December to February was the hottest meteorological winter ever by far, topping the previous record by a jaw-dropping half a degree Fahrenheit. The National Oceanic and Atmospheric Administration (NOAA) reports that this winter was a remarkable 2.03°F above the 20th century average.
This extreme warmth — caused primarily by the accelerating human-caused global warming trend (with a boost from El Niño) — is a key reason a number of countries have already “set records for the all-time most expensive weather-related disaster in their nations’ history” this year, as meteorologist Jeff Masters has explained.
We already knew from NASA surface temperature data and from the satellite data that this was the hottest February on record by far. Indeed, every database confirms that February was the most extreme deviation from “normal” temperatures ever recorded for any month!
NOAA’s latest monthly “State of the Climate” report reveals just how hot temperatures over land were, as recorded by the Global Historical Climatology Network (GHCN), an “integrated database of climate summaries from land surface stations across the globe.” NOAA reports that “a total of 115 individual GHCN stations from 38 countries across all inhabited continents and several island nations set new February high temperature records.”
The Earth’s landmasses were so hot in February that NOAA reports these stunning facts:
The February globally-averaged land surface temperature was 4.16°F (2.31°C) above the 20th century average. This was the highest for February in the 1880–2016 record, surpassing the previous records set in 1998 and 2015 by 1.13°F (0.63°C).
Yes, last month beat the all time record for hottest February over land by a staggering 1.13°F.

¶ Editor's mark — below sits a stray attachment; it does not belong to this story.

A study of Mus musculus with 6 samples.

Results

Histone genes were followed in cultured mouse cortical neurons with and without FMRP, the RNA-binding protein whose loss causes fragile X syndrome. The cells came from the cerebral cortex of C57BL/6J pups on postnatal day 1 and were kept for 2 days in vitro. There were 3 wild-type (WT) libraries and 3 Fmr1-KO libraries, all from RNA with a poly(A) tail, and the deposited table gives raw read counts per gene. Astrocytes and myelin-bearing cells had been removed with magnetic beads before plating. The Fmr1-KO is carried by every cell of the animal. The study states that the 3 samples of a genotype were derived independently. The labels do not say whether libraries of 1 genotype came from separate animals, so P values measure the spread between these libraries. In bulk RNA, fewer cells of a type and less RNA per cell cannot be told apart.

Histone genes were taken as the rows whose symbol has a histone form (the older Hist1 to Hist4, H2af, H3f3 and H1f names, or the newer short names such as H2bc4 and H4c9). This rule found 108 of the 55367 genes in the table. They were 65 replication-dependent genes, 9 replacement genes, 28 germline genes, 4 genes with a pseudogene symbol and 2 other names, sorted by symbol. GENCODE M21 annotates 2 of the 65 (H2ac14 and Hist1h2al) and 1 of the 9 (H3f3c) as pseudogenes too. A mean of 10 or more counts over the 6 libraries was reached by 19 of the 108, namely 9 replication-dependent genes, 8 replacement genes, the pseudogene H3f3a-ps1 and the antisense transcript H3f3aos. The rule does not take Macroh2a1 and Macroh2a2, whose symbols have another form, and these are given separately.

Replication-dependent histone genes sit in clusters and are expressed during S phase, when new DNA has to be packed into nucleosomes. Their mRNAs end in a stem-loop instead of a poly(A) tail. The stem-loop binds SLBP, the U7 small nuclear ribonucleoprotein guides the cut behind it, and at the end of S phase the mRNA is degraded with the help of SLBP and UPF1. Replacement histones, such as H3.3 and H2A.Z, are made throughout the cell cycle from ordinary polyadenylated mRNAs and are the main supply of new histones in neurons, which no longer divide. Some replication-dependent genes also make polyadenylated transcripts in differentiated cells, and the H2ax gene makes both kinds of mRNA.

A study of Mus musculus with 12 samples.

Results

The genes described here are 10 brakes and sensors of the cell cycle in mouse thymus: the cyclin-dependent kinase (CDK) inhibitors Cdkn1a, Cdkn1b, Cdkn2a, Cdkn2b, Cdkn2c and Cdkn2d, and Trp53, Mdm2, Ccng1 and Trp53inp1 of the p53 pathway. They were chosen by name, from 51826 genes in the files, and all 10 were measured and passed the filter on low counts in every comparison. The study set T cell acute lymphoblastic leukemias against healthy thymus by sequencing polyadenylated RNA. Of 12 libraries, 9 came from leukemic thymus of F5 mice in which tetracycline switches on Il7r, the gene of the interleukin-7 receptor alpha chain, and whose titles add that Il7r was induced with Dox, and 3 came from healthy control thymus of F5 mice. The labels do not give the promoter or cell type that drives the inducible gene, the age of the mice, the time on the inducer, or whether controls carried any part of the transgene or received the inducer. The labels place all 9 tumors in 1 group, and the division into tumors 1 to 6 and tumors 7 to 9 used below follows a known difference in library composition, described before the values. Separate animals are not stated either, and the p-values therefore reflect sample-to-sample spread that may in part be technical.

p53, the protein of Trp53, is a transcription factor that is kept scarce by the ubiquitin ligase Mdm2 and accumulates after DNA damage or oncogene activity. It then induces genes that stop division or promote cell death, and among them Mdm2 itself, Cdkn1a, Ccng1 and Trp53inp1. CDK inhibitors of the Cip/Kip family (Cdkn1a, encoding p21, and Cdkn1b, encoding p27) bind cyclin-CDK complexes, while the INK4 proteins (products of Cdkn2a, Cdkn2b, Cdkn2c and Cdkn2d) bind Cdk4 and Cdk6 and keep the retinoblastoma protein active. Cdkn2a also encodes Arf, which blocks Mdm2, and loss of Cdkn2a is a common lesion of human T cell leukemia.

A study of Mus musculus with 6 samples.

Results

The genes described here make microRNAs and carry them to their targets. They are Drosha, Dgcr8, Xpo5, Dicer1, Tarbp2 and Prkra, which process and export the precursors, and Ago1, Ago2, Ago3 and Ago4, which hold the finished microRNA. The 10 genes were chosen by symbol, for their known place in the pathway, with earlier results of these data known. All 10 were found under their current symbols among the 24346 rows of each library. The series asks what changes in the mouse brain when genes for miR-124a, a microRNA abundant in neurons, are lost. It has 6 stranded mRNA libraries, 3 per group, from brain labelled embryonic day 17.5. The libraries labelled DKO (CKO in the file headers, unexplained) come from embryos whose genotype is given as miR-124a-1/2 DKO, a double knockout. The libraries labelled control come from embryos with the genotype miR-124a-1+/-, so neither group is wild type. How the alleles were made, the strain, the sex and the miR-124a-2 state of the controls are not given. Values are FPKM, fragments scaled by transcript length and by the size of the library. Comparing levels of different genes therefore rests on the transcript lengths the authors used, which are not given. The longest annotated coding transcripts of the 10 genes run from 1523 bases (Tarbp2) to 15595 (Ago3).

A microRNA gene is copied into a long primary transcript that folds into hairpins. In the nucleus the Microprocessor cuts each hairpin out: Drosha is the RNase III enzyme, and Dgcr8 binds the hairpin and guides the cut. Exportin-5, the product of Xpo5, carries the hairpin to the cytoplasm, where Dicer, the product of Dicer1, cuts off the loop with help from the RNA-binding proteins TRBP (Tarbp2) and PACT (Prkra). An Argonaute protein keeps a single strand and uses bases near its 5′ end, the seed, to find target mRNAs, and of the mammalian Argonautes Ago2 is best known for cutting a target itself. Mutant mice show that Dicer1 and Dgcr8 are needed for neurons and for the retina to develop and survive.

Because of such scorching heat in February and indeed all winter, it’s no surprise that a number of countries saw record-setting weather-related natural disasters.
“According to the February 2016 Catastrophe Report from insurance broker Aon Benfield, three nations suffered extreme weather disasters in February 2016 that cost at least 4% of their GDP — roughly the equivalent of what in the U.S. would be five simultaneous Hurricane Katrinas,” Jeff Masters and and Bob Henson explain at Weather Underground:
The three unlucky nations that suffered their most expensive weather-related natural disasters ever are Vietnam, Zimbabwe, and Fiji:
- “Vietnam has suffered $6.7 billion in damage from its 2016 drought, which has hit farmers especially hard in the crucial southern Mekong Delta. This cost is approximately 4% of Vietnam’s GDP, and beats the $785 million cost (2009 USD) of Typhoon Ketsana of September 28, 2009 for most expensive disaster in their history.”
- “Zimbabwe has suffered $1.6 billion in damage from its 2016 drought [with more than a quarter of the population facing food shortages]. This is approximately 12% of their GDP, and beats the $200 million cost (2003 USD) of a February 2003 flood for most expensive disaster in their history.”
- “Fiji suffered $470 million in damage from Category 5 Cyclone Winston’s impact in February [peak strength 185 mph winds]. This is approximately 10% of their GDP. The previous costliest disaster in Fiji was Tropical Cyclone Kina in January 1993, at $182 million (2016 USD) in damage.”
Given that this month looks to be headed toward the hottest March on record by far — and given that it would surprise no one if this were the hottest spring on record by far — much more such extreme weather disasters are yet to come.
It’s worth remembering, though, that however bad it gets this year, if we don’t continue to sharply reverse global emissions trends, then our current extreme weather will simply be the norm by mid-century — and it will be considered mild by century’s end.